I love to lie (or is that lay?) in bed a few minutes each morning with my ears wide open. Our boarding plank creaks. Early outboards head out the creek. Some mornings it rains. This morning precipitation was so light that the awning barely spoke. The night watchman makes his final rounds, and if it’s Julio, I can hear him pop the shells out of his gun right before he leaves.
Bird song is what I most like to hear. It’s cheery and perky and insinuates itself so sweetly into my waning dreams. But I’m getting used to the howler monkeys who live in the jungle across the river and start their day well before sunrise. photo courtesy of npr
A lovely lullaby their call is not, although doubtless it’s music, or at least data, to their own ears. Thanks to an enlarged bone, the hypoid, near their vocal chords, they rank as one of the world’s loudest animals, with a range of 3 miles, says the Guinness Book of World Records.
Supposedly they’re calling to check in with other groups of howlers at dawn and dusk. As folivores, they inhabit and ingest the jungle canopy; it’s a low-energy food supply, so maybe they watch their spacing as well as check in on the daily net.
Howler monkeys to me sound like a slow-motion wreck, or like a terribly sick and suffering someone. Paradigm shift: better to celebrate them as what they are: the thrilling sound of a tropical jungle large enough to support them.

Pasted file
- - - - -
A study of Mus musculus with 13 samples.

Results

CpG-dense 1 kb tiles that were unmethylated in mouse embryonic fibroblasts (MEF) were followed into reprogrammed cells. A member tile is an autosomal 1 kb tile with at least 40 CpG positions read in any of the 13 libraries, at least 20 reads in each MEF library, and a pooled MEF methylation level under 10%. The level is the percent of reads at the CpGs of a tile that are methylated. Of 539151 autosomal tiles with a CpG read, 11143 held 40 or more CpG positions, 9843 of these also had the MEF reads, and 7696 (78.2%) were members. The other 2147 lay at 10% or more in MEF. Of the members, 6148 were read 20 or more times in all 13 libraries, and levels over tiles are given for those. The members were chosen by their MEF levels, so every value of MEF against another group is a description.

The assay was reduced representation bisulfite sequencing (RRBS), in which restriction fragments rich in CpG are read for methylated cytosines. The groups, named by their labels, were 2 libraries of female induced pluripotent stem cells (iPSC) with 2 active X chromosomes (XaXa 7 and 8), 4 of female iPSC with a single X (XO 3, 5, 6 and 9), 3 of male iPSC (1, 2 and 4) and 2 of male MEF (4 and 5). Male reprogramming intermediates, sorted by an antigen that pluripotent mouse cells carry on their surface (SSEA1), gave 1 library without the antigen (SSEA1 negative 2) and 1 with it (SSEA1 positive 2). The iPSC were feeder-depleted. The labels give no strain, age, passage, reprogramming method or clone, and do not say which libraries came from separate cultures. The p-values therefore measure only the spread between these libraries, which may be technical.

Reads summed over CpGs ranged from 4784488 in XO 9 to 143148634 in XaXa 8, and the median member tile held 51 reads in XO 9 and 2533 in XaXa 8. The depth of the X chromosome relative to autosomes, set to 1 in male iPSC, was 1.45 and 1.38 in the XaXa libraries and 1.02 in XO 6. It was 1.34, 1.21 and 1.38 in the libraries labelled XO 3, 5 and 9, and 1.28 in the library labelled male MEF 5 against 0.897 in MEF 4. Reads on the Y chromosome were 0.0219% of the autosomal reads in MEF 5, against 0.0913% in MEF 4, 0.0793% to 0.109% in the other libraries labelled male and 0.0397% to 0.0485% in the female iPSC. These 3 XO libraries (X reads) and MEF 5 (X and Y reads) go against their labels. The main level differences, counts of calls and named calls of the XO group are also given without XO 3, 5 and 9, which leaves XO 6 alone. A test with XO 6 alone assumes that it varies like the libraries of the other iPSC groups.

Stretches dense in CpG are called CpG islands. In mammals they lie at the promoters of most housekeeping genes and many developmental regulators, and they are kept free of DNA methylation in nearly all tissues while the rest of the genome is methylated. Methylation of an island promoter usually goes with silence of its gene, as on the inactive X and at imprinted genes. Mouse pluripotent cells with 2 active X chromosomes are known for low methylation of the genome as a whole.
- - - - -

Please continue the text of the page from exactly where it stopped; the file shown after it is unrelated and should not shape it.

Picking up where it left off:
Would you like to listen? Click here.
Like the sound? It’s available as a ringtone. You might not have any trouble deciding whose calls to assign this sound to.
If birdsong soothes me, what might a howler monkey find relaxing? Funny you should ask, because just the other day I read about a study wherein scientists recorded both alarm sounds and easy-going sounds of cotton-topped tamarins, another vocal monkey species. A cellist then ‘translated’ the calls into ‘cello-ese’, sped the tape up to monkey-chirp speed, and played it to their (captive) tamarin audience. I wasn’t surprised to learn that the alarm-based recordings alarmed and the easy-listening soothed the tamarins. Probably the same with gangsta rap.
Wikipedia’s listing says:
Guatemalan Black Howler (alouatta pigra) males are larger than those of any other Central American monkey species. On average, males weigh 11.4 kg (25 lb) and females weigh 6.4 kg (14 lb). The body is between 521 and 639 mm (20.5 and 25.2 in) in length, excluding tail. The tail is between 590 and 690 mm (23 and 27 in) long…Lifespan can be 15-20 years.
As with other species, the majority of the Guatemalan
Black Howler’s day is spent resting. Eating makes up about a quarter of
the day, moving about 10% of the day, and the remainder of the day is
spent in socializing and other activities.
One activity reported in Tikal was particularly striking.
HOWLER DEFECATING SIGN Doug went out of his way to get out from under the ones we saw there. I just kept my eyes open and my mouth shut, and the monkeys brachiated on by.
Of course, howler monkeys are considered an endangered species, but apparently not critically so just yet. Somewhere I read that these monkeys are too ill-tempered to make good pets. Loss of habitat is an issue, of course. Being used as food is also a problem for these monkeys, but I have been asking around and can’t find anyone at least in the Rio Dulce area who has ever participated in monkey killing or eating (or will admit to it).
This poor soul was one of a troupe trapped in a concrete jungle near the airport runway at the Aurora Zoo in Guatemala City. I mean concrete jungle literally – all of the things, with the possible exception of the tree in this picture= that look natural, like bamboo or wood, even rock, aren’t. They’re concrete, artistically done, and we can probably guess the reason. The sponsors who support the zoo, like Bimbo Bread, Pepsi, and Purina, well, they’re not in the zoo business. But that’s another story.